Beginning the Quest by Barry Cooper provides an analysis of the legal and political writings of Eric Voegelin during the 1920s and 1930s. The subject matter of his analyses during this time period was quite distinct from the focus of his concerns thirty years later.
It has often been noted that Voegelin was a pupil of Hans Kelsen, the author of the postwar Austrian constitution and one of the great legal minds of the twentieth century. The significance of the fact that Voegelin began his academic life as a legal scholar has not, however, been emphasized, though his background provides a strong contrast with that of his contemporaries Leo Strauss and Hannah Arendt.
Beginning the Quest opens with Voegelin’s efforts, following the trauma of defeat in World War I, at understanding the relation of law and the study of law (Staatslehre) to what he then called “sociohistorical reality.” Much of this writing consisted of methodological analysis and criticism centered chiefly on the status of neo-Kantian philosophy as the basis for what we now call the social sciences. Voegelin wished to push the scientific understanding of sociohistorical reality beyond the scope afforded by German social science.
Cooper discusses Voegelin’s first systematic effort to bring together the principles of philosophical anthropology (including philosophy of history) with his understanding of comparative social science and a theory of law more comprehensive than Kelsen’s. In developing his argument, Voegelin discovered the centrality of what he called “political ideas.”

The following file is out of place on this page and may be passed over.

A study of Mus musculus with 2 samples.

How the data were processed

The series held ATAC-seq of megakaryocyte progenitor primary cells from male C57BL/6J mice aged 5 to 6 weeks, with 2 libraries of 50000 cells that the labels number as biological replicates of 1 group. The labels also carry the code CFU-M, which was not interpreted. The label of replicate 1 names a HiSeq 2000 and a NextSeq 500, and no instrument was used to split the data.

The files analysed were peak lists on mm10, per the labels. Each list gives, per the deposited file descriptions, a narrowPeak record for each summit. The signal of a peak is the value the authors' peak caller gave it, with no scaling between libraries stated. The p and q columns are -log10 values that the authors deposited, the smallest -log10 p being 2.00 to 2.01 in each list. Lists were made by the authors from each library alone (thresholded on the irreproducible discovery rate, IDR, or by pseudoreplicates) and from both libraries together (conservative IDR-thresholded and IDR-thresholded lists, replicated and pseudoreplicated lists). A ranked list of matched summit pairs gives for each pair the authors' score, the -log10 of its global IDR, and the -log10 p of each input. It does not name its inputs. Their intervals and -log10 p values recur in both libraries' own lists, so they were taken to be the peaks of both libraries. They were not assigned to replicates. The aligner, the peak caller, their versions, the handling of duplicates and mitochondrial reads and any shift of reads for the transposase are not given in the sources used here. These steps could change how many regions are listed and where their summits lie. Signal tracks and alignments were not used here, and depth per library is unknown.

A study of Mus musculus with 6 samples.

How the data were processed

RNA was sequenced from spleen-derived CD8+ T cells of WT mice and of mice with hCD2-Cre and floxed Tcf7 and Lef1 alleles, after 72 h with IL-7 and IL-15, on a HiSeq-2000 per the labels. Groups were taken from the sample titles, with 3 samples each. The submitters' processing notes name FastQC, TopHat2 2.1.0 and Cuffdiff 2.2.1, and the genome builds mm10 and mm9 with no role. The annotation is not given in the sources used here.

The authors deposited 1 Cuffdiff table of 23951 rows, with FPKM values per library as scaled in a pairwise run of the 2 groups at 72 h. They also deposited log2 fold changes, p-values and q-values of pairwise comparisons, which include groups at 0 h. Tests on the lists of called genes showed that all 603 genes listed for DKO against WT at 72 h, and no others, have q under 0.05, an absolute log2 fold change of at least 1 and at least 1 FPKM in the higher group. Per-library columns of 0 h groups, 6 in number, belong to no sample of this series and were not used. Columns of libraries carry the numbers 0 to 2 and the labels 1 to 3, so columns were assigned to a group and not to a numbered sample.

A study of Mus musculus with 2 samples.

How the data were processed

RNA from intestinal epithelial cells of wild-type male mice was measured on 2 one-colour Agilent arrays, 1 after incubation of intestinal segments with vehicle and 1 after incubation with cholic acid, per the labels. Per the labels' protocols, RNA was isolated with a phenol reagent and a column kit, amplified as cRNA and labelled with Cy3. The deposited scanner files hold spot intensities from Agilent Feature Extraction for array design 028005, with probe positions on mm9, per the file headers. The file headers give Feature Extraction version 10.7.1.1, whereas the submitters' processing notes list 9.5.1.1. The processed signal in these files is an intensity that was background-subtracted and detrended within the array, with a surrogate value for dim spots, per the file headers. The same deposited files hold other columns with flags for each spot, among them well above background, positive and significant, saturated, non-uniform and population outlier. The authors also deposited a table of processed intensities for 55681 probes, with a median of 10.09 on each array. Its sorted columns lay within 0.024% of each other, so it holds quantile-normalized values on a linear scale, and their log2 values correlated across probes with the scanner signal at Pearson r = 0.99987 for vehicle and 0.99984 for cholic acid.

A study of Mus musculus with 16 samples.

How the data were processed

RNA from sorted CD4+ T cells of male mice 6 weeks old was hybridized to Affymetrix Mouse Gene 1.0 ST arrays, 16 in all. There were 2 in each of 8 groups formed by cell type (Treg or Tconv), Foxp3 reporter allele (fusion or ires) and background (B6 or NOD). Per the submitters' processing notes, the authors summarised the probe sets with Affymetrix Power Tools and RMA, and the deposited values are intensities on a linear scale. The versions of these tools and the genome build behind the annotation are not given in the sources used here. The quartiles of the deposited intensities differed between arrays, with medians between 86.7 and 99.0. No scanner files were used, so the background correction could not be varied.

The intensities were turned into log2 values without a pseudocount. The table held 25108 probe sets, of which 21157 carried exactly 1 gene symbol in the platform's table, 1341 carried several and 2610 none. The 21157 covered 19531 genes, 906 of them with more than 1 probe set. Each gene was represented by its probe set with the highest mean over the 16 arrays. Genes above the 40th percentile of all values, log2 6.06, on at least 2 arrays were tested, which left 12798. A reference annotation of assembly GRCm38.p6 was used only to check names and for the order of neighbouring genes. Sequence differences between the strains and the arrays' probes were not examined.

Cooper also deals with Voegelin’s The Authoritarian State (1936), which argues that Austria was more an administrative unit than a body politic. It was, to say the least, a startling analysis, but one that reappeared in later writings as well, especially in The New Science of Politics.
As a final point, Cooper deals with the concept of “political religions” that Voegelin developed in the 1938 book of that name. Just as the Austrians were groping toward the formation of a body politic, so too were the Germans. Instead of the authoritarian state being the form that the German “political people” attained, it was, as Voegelin showed in his race books, quite different. Voegelin developed the term political religion to describe the animating core of the National Socialist regime. The formation of this concept reveals that Voegelin had moved from a focus on the legal structure of a polity to its spiritual order—in the example of Nazi Germany, an unquestionably “Satanic” order.
Cooper concludes that just as the great crisis of Voegelin’s youth—World War I and its aftermath—led him to question the received premises of the Staatslehre tradition in which he was schooled, so did the crisis resulting in World War II lead him to develop ever-more-comprehensive accounts of the disorder and political convulsions of the day. The “quest” of the title of this study continued until Voegelin’s death.